Many Revgals celebrate Epiphany with some version of Star Words. It was written about in 2009 here. The list of words I inherited pre-dates that article. To the person who came up with the idea–thank you. It has taken on life and been adapted in all sorts of contexts.
The premise is this: the magi followed the star to find baby Jesus, bringing their gifts. We are also seeking Jesus, trusting God can/does use many signs (or stars) to guide us closer to the Divine presence.
People are invited to take a star in worship. On each of the stars is a word. I invite people to trust the word that selects them, but we do not police the star choosing, so if people need to trade out a word, they are free to do so. When we first started doing this, people weren’t sure they wanted to trust the words they drew.
Now it has become an important part of our congregation’s liturgical year.
For last year’s words belong to last year’s language and next year’s words await another voice.
~ t s eliot
If you’d rather take the list and write them on pre-cut stars, some people have done that. Some people have combined Star Words with Baptism of the Lord and written them on “water drops” that are either cut out of paper or using those floral arranging “marbles”.
A few years after we started the practice at the congregation I serve, we started writing about our words and the way they worked on us throughout the year. Some churches have had people share their stories in worship, or in newsletters. Some of ours ended up on my blog. You can see the list of Star Word posts here.
Social media allows you to extend the reach for the practice. People who haven’t attended worship in years, or who are estranged from organized religion, will ask me to draw a star from them. It’s a very adaptable ritual.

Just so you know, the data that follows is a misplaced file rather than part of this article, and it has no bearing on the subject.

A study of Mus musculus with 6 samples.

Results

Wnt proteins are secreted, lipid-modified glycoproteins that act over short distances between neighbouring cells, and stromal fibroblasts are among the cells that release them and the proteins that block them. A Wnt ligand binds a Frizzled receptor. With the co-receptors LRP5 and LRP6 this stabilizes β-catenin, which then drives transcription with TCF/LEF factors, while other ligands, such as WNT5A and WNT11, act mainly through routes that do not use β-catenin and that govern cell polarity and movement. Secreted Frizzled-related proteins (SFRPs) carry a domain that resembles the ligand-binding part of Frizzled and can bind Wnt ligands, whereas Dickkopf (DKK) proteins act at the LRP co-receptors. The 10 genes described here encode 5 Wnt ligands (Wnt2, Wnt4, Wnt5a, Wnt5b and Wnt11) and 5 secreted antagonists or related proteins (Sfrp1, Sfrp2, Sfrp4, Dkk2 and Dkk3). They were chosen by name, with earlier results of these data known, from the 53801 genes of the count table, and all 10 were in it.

Please share how you’ve used Star Words in your context. I know they’ve been passed out in hospitals, retirement homes, prisons, and during a “free prayer” session at a coffee shop. Feel free to upload photos and share links to blog posts.
Here is a prayer I’ve used in communion on Epiphany before. Thanks to Michelle Thomas Bush for sharing the prayer with me.
God, we acknowledge that we are not always ready to receive your best gifts for us. You have given us an epiphany word in order that our searching will bring us to you.
It is often our habit to turn aside, stumble over, or even reject experiences and encounters that we later understand to have been precious gifts.
Help us to be open to the gift that you offer us now through our star words. We acknowledge that we do not fully understand what this word might mean for our faith, but we receive it from you with gratitude and pray that your Spirit will enable us to live into our word with intention and faithfulness.
Marci Auld Glass is the pastor of Southminster Presbyterian Church in Boise, Idaho. She blogs at Glass Overflowing.